Video: Shoichet, channeling William F. Buckley, offers a vigorous defense of docking and high-throughput screening for the graduate student retreat (interviewed by Emily Crawford, channeling Steven Colbert).
Podcast: Shoichet, in a public interview, tries desperately to sound less confused than he actually is.
Recent reviews, book chapters, and papers:
My work focuses on the use of homology models for ligand discovery at targets without known structure. I am working to evaluate the information gained from each piece of input data and to standardize the method of applying virtual drug screens at novel targets. I have a particular focus on orphan G-protein coupled receptors.
My work focuses on using large-scale docking to discover ligands with designed polypharmacology or selectivity. I am also interested in leveraging the power of large-scale docking to identify novel analgesics for non-opioid targets.
Virtual docking screens of rapidly expanding chemical libraries enable the identification of novel ligands offering new insight into biological processes and innovative therapeutic leads. Careful calibration of protein models and critical analysis of docking results determine the success of a docking campaign. My research focuses on the application and development of large-scale docking techniques. Additional computational tools such as molecular dynamics simulations are employed to prepare and fine-tune protein structures for docking. Of particular interest are G protein-coupled receptors involved in pain sensation.
Shuo Gu graduated from Hong Kong University of Science and Technology, where he studied protein-ligand interaction using molecular dynamics simulations. He is currently a postdoc in Shoichet lab, working on deorphanization of G protein-coupled receptors, part of the Illuminating The Druggable Genome.
Signal transduction is one of the most essential biological processes in all living organisms. G protein-coupled receptors (GPCRs) constitute the largest and most diverse family of cell surface receptors in the human genome, responsible for communicating messages between the cell's external and internal environments. A primary goal of my research is to integrate advancements in both our understanding of GPCR structure and in structure-based docking techniques, to realize the potential in targeting novel GPCR binding sites for drug discovery, as well as applying these techniques for exploring the functions of orphan GPCRs.
Purchasable chemical space is growing rapidly. We are docking these ever increasing databases. I am exploring what happens to docking when we go to larger and larger databases. I am also working on developing analysis tools for the large-scale docking.
Small-molecule aggregates can be a major source of false positives in early drug discovery. I am working on identifying potential aggregators in drug-repurposing libraries, focusing on drugs with relevance to the SARS-CoV-2 global pandemic. I am also working on further understanding the mechanism of action involved in these aggregate-protein interactions.
My research focuses on novel ligand discovery for orphan and therapeutic GPCRs. Using large-scale docking, a library of hundreds-of-millions of make-on-demand molecules are docked against crystal structures and homology models of target receptors. Top-ranking molecules are tested experimentally. Active molecules are optimized using structure-based drug design methods.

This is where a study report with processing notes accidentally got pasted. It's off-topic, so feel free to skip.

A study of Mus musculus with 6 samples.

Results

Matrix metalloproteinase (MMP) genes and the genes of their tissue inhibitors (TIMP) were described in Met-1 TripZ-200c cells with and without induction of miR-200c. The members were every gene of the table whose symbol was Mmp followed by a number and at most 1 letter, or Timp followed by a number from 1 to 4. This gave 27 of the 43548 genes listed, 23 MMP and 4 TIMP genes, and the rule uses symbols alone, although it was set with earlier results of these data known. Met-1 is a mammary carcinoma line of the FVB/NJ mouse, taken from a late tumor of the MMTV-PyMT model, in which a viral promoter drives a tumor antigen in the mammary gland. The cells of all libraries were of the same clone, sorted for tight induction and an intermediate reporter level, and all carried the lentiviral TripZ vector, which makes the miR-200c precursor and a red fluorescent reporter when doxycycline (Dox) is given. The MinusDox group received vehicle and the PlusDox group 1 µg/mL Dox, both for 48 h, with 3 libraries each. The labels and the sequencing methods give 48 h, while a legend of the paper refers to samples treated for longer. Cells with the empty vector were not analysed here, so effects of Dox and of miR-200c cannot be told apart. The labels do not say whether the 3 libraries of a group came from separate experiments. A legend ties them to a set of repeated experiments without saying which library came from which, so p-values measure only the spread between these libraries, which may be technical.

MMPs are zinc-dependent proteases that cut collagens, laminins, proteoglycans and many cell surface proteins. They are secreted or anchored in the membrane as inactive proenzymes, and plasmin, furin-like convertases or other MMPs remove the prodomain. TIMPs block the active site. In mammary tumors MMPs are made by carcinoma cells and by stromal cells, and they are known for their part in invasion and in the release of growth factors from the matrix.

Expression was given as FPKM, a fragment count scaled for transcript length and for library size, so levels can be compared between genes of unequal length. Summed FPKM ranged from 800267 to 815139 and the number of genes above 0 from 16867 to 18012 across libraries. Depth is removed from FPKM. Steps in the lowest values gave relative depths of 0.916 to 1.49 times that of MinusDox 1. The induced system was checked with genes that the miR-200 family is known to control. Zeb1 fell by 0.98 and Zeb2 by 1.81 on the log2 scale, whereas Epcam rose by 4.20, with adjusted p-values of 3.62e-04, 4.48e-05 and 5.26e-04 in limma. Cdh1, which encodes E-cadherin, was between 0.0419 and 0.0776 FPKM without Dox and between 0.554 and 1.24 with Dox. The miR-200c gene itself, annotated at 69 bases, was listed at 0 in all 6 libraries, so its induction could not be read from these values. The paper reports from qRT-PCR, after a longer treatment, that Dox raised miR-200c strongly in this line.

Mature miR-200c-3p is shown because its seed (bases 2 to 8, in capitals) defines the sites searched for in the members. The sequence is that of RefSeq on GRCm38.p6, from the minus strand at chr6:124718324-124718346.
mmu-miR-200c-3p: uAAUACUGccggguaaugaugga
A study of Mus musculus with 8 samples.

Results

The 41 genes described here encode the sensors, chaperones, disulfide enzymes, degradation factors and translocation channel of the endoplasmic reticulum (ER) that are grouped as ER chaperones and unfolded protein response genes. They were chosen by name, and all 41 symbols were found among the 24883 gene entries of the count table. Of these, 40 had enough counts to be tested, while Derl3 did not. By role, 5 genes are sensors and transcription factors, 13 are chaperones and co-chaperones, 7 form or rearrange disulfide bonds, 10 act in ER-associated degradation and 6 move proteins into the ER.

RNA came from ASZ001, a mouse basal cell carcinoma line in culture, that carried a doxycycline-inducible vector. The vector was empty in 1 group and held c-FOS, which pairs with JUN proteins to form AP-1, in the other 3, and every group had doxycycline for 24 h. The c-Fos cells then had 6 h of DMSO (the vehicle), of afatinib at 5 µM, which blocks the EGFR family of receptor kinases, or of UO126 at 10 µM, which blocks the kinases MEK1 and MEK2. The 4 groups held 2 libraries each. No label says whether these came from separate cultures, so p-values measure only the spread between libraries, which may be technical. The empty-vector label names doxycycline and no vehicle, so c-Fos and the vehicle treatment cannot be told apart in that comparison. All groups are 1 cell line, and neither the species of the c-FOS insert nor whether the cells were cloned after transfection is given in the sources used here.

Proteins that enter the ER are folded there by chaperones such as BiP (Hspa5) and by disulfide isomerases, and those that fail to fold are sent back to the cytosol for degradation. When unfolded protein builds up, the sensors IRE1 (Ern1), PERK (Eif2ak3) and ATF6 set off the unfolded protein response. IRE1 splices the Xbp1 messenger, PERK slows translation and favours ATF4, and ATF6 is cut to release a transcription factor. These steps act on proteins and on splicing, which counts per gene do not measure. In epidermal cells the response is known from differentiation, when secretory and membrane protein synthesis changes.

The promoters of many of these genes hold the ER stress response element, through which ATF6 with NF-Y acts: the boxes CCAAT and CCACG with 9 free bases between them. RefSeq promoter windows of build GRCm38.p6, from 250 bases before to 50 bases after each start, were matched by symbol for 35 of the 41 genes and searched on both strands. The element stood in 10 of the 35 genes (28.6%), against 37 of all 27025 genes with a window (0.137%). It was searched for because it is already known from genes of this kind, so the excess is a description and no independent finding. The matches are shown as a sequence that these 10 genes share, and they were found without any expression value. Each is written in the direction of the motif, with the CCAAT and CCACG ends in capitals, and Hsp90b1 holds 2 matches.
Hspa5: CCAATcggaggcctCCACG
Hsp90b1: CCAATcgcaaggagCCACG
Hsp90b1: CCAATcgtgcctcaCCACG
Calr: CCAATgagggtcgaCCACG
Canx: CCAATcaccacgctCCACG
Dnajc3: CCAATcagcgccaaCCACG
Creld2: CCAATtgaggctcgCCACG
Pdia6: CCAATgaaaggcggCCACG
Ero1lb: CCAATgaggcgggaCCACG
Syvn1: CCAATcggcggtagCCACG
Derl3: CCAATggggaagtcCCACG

My research interests include the development and application of computational drug design methods with an emphasis on structure-based and fragment-based strategies. Currently, I am involved in projects that aim to discover novel ligands for the SARS-CoV-2 macrodomain, as well as, the cannabinoid receptor, CB2.
My work in lab focuses on the use of protein crystallography and enzymology to test predictions emerging from large scale docking against AmpC beta-lactamase. Docking screens will also be used for new compound discovery against biologically relevant target like GPCR.
Using MD-sampled energies in Flexible Receptor DOCK to improve drug discovery for T4 lysozyme and SARS-CoV-2 NSP3 Mac1, with applications to selectivity.
My work focuses on using large-scale molecular docking coupled with chemoinformatic methods to identify novel modulators of non-opioid pain signaling. I am particularly interested in the translation of in silico docking hits to in vitro and in vivo models, with an emphasis on understanding the pharmacodynamic effects of novel ligands at different levels of complexity. I use my graduate training in pharmaceutical sciences and molecular interactions as well as my undergraduate training in neuroscience to understand these complex systems.
I am a joint graduate student in the Shoichet and Manglik Labs in the Pharmaceutical Sciences and Pharmacogenomics PhD program at UCSF. My background is in synthetic organic chemistry and natural product chemoenzymatic synthesis. I received my bachelor of science from Saint Mary's College of Califonia, and subsequently participated in the NIH PREP at Case Western Reserve University before matriculating at UCSF. I am interested in the pharmacology and structural biology of GPCR-mediated nociception. My work involves structure based design of novel analgesics targeting G-protein coupled receptors.
I am working on methods development in molecular docking including the incorporation of water energies, and calculation of relative binding free energy with higher levels of theory. I will then apply the methods to predict new ligands in both model systems and G Protein-coupled receptors (GPCRs).